Marines open fire on bus along highway
As the Marines rolled through the night toward an expected battle Wednesday with Saddam Hussein's Republican Guard, an unlucky bus rushed headlong toward them on Highway 7.
The Marines opened fire from machine guns mounted on their Humvees, badly damaging the bus and killing 20 of the 22 Iraqis inside. The Iraqis wore makeshift uniforms and had two pistols between them.
Apprehensive about possible suicide attacks and guerrillas in civilian clothes, the 4th Amphibious Assault Battalion of the 1st Marine Expeditionary Force has done a lot of firing on the road to al Kut.
By Thursday morning, the 4th was 30 miles south of al Kut, where a division of the elite Republican Guard is reportedly waiting. In a steady rain, the Marines stopped along the highway to refuel and regroup before pushing on.
New York City
2 Newsday journalists' whereabouts unknown
Newsday has lost contact since Monday with its two journalists assigned to cover the war in Baghdad, after they and a small group of Western journalists were rounded up by Iraqi officials and apparently ordered to leave the country, according to other reporters in the Iraqi capital.
American journalists in Baghdad who were contacted by Newsday said correspondent Matthew McAllester and photographer Moises Saman, along with an undetermined number of journalists, were told by Iraqi officials on Monday night or Tuesday morning that "they were being expelled because they had inappropriate or expired visas," said Newsday Editor Anthony Marro.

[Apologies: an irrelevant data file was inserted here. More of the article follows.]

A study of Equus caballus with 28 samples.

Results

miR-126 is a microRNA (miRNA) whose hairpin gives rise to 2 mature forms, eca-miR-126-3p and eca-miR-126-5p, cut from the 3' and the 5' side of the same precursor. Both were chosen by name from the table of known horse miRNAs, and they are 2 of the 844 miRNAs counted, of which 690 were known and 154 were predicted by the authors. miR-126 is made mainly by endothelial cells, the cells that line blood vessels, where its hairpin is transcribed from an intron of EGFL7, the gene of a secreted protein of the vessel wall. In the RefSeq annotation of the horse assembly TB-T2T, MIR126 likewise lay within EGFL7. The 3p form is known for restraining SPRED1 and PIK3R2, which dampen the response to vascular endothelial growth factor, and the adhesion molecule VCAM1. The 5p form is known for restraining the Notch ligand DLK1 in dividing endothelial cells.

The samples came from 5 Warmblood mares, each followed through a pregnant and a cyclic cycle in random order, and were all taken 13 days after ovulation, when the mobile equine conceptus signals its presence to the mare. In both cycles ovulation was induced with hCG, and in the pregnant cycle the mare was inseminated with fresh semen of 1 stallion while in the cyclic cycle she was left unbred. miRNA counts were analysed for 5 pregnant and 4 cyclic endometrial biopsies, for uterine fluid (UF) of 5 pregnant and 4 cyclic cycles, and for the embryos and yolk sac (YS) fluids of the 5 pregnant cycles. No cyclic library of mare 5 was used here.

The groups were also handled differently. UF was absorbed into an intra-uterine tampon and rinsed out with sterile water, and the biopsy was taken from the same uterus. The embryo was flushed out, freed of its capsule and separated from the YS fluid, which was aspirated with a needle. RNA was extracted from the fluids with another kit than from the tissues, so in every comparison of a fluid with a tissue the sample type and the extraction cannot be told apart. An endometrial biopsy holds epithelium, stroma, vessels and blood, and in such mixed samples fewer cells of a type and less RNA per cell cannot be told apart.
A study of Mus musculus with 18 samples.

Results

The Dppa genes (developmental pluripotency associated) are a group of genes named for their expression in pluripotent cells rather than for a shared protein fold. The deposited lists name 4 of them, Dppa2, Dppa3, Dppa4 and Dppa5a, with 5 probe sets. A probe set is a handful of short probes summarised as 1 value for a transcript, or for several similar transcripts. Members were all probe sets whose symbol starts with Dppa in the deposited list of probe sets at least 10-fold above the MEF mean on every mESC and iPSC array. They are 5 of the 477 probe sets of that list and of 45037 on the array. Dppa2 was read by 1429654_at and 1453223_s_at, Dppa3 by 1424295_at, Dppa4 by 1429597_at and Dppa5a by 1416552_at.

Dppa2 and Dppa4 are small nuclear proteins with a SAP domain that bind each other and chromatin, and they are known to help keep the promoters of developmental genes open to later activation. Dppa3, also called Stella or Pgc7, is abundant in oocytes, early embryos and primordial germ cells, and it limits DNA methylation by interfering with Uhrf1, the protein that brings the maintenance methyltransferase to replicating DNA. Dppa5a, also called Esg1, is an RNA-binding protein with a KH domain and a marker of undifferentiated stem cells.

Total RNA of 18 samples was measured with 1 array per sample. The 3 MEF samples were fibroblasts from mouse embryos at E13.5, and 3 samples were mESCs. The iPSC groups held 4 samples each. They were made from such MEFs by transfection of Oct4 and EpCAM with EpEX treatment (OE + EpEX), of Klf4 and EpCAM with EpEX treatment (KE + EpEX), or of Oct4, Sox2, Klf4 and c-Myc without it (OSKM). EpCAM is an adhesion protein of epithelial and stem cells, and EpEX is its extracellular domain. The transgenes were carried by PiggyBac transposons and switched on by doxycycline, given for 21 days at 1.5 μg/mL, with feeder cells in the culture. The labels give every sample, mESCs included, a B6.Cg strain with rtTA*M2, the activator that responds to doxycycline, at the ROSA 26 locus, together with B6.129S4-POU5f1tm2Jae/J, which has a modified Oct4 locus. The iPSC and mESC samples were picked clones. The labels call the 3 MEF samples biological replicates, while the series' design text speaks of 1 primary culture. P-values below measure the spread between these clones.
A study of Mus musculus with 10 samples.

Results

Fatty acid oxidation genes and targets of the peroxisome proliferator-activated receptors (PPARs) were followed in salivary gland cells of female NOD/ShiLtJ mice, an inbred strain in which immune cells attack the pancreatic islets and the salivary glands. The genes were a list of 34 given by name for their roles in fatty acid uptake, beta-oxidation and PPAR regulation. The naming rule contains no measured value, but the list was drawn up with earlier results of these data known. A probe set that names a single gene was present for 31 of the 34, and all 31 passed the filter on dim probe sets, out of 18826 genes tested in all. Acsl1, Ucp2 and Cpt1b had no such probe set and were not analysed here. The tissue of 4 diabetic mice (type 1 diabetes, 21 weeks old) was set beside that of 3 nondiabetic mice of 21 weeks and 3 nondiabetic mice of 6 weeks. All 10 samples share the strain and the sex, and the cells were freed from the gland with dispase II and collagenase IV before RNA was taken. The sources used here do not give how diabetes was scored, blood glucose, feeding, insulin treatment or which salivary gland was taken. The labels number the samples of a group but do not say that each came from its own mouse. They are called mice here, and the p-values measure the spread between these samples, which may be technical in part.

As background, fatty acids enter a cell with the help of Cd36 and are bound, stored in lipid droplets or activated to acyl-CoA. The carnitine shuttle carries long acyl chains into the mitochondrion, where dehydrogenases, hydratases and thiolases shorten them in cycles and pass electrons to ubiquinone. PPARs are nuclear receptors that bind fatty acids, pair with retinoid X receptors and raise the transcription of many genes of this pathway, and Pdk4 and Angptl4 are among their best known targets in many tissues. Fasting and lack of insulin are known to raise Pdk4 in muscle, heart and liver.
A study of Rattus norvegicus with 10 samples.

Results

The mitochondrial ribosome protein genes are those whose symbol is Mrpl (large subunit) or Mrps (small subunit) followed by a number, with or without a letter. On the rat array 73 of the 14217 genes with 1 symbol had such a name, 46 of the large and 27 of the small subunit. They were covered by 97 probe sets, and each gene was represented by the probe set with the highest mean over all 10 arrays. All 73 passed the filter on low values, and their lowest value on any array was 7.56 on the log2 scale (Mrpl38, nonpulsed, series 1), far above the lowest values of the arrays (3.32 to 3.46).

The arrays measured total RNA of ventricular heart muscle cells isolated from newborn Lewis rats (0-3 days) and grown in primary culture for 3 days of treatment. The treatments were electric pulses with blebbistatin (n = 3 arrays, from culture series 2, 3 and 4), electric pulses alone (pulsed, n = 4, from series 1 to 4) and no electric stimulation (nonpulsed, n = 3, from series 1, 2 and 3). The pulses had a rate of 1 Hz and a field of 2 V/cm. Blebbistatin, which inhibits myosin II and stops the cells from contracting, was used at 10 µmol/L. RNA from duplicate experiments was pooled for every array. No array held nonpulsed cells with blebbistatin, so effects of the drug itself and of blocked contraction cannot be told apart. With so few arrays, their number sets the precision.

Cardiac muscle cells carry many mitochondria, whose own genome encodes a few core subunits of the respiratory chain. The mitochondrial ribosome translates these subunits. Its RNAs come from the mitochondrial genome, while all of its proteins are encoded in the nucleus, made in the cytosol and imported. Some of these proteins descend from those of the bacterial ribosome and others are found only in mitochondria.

Newsday has not heard from either McAllester or Saman since an e-mail message McAllester sent to his editor Monday afternoon.
Reporters in Baghdad said as many as 10 people may be in the group that went missing.
Foreign minister seeks delay on arms treaty
Russian Foreign Minister Igor Ivanov backed a proposal by some lawmakers to postpone approval of a key U.S.-Russian nuclear arms control treaty, as he accused the United States on Wednesday of trying to destroy Iraq.
Ivanov said he supported delaying authorization of the treaty because the U.S.-led strike could fuel unfair criticism of the pact.
"Maybe now is not the right moment psychologically to bring this document up for ratification," Ivanov said. "If we wait for some time, and concentrate all our efforts on ending the war ... then at a more quiet moment we can quickly deal with this issue."
The treaty, signed in May by Russian President Vladimir Putin and President Bush, calls on both nations to cut their strategic nuclear arsenals by about two-thirds, to 1,700 to 2,200 deployed warheads, by 2012.
The U.S. Senate unanimously approved the treaty this month. The move was widely seen as part of a diplomatic effort to win Russian support for a tougher line against Iraq. But Moscow has only hardened its position, repeatedly criticizing the U.S. military strike.
Security no concern for NASCAR race
Officials at the Texas Motor Speedway said a NASCAR race Sunday was expected to draw the largest single gathering of Americans -- more than 210,000 -- since the war with Iraq began.
Organizers are so confident of security arrangements that they vowed to race even if the Homeland Security Department's terrorism-alert level rises to Code Red.
The crowd is expected to include 154,000 in seats, plus guests in the Speedway Club and Lone Star Tower and huge throngs in the infield.